12 Songs, 41 Minutes


5.0 out of 5
3 Ratings

3 Ratings

CandiceMichelle1 ,

Melodically bright yet inherently soothing

Masako is a pianist and composer who resides in the Northeastern part of the USA. Having begun piano lessons at the age of four, by the time she was five years old she was composing and singing her own tunes while up on a tree in the backyard of her parents’ home in Tokyo, Japan. Comprised of twelve solo piano compositions, Piano Sanctuary is Masako’s third studio album and first solo piano album, with all three having been produced by Will Ackerman and recorded at his Imaginary Road Studios in Vermont.

Introducing the album is “When You Were Little”, which opens with a gentle simplicity. Soon transitioning into more melodically complex passages, the piece ultimately concludes with the gentle theme established at the beginning. Sitting among Masako’s most beloved compositions is “A Tale of Lonely Otter”, which originally appeared on her debut self-titled album, and likewise appears here as a solo piano rendition. One of my favorites on the album, this delicately heartfelt and somewhat wistful composition opens with a pacing that brings-to-mind Erik Satie’s famous classic, “Three Gymnopedies”. Other highlights include “The Land We Called Hope”, which features staccato notes in the upper range of the piano that beautifully beckon the listener’s attention, as well as “Frozen Quarry”, which is the second composition herein to have a Satie feel with its shifting tonal colors. Returning to familiar ground is the closing piece, “Tender Stories”, with its cascading notes in the bass register and twinkling notes in the upper register. Further showcasing a middle section that pleasingly reminds me of David Lanz’ fine “Song for Monet”, Masako’s touch on this piece is indeed quite tender.

A lovely album inspired by nature and landscape that’s infused with the personal touch of human life experiences, Masako seemingly imprints her thoughts and feelings, in combination with observations of the natural world around her, into a musical diary. Melodically bright yet inherently soothing with an airy, open feel, fans of Masako’s previous outputs will likely find this album to be another welcome addition to their collection!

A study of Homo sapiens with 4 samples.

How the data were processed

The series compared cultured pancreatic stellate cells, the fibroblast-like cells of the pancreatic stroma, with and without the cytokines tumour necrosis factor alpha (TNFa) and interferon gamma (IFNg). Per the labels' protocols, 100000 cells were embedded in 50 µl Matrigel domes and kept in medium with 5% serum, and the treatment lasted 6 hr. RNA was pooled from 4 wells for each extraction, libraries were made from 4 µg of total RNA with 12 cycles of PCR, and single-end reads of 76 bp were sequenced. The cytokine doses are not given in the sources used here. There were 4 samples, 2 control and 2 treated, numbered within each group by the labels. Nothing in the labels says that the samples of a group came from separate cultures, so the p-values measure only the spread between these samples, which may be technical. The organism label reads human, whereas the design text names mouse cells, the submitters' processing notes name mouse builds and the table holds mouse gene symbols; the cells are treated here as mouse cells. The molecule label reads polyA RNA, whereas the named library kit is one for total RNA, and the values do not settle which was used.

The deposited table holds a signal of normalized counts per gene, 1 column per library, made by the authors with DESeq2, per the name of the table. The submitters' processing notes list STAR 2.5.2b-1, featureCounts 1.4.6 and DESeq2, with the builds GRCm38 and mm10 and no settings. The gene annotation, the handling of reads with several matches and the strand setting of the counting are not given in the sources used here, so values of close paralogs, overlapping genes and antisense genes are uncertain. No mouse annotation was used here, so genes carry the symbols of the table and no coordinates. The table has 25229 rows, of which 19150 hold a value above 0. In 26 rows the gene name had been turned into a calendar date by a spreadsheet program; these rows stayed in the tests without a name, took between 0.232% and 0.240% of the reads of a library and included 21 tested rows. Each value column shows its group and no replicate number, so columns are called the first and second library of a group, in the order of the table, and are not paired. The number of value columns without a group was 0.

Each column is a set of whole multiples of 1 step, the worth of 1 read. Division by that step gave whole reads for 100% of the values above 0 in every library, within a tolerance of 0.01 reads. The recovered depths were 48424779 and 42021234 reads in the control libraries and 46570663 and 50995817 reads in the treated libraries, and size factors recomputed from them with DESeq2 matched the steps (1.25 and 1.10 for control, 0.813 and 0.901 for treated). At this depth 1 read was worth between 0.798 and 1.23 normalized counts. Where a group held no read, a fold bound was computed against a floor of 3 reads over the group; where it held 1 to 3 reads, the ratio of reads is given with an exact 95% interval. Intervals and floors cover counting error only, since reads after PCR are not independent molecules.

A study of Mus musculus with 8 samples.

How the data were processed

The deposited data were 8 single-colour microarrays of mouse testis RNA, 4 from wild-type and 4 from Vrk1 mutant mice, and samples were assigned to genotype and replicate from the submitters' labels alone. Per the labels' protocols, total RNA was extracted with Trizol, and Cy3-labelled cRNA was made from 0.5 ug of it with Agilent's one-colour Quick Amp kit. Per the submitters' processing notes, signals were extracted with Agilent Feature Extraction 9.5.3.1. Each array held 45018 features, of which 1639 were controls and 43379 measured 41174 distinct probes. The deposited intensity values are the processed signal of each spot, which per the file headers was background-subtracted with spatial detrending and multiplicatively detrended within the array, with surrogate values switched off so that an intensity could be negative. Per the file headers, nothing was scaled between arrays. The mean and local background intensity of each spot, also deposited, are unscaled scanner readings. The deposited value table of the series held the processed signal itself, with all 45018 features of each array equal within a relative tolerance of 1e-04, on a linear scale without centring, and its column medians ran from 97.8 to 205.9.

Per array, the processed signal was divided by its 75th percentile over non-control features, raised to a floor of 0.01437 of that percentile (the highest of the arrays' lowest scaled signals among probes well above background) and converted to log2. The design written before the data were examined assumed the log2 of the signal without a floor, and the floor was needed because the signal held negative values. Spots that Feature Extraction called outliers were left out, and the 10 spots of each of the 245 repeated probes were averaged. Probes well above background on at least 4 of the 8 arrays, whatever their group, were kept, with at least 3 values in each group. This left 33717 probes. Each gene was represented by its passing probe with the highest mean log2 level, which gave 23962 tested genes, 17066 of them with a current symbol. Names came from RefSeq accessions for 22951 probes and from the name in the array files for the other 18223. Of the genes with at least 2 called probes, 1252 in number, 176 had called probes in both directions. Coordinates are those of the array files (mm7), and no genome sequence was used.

KathyPiano7 ,

From MainlyPiano

Masako’s third album is solo piano at its very best. A lyrical, graceful and very expressive blending of classical, new age and smooth jazz stylings, Piano Sanctuary provides a warm and soothing escape from the craziness of our contemporary world. Like her first two albums, "Piano Sanctuary" was co-produced with Will Ackerman and Tom Eaton and was recorded at Ackerman’s Imaginary Road Studios in Vermont. A Japanese-born pianist and composer living in the northeastern United States, Masako started taking piano lessons at the age of four. She belonged to Music House Moz in Japan and performed in clubs in and around Tokyo as a keyboardist. She also taught at the Yamaha Music School for many years as a certified piano instructor. Her debut album, "MASAKO," won Zone Music Reporter’s “Best New Artist of 2013” and her second album, "Call of the Mountain," won ZMR’s “Best Piano Album of 2014.” I have no doubt that "Piano Sanctuary" will also be recognized as one of the best albums of this year.

"Piano Sanctuary" begins with “When You Were Little,” a lovely piece of wordless story-telling. Sometimes sweetly nostalgic and sometimes a bit more dramatic, it’s a great opener that immediately draws the listener in. “Ragrima” is very dreamy and peaceful, highlighting Masako’s velvety touch on the piano keyboard. “The Bird and The River” is a favorite. My interpretation is that the gently flowing, but steadily moving passages are the river (mostly the left hand) and the more dramatic and fluttery parts are descriptive of the bird flying above the water and sometimes touching down - perhaps in search of a fish. Love it! “Midnight Sun” is both very elegant and very peaceful with a spare melody and the use of some evocative jazz harmonies - gorgeous! “A Tale of Lonely Otter” first appeared on Masako’s debut album as an ensemble piece, but it is a piano solo here - and a beautiful one at that! Another favorite is “Sailing,” a higher-energy piece with an exhilarating sense of adventure and freedom. “The Lost Estate” tells us another story without the use of words. Sometimes a lyrical waltz, the graceful rhythms and gentle melodies combine to tell a bittersweet tale. “Frozen Quarry” sounds brutal, but even though it expresses a chill, the scene is peaceful and serene. “Tender Stories” overflows with love as it brings this excellent album to a close.

I really think Masako’s third album is her best (so far!) and I hope more of her albums will be solo piano! Very highly recommended!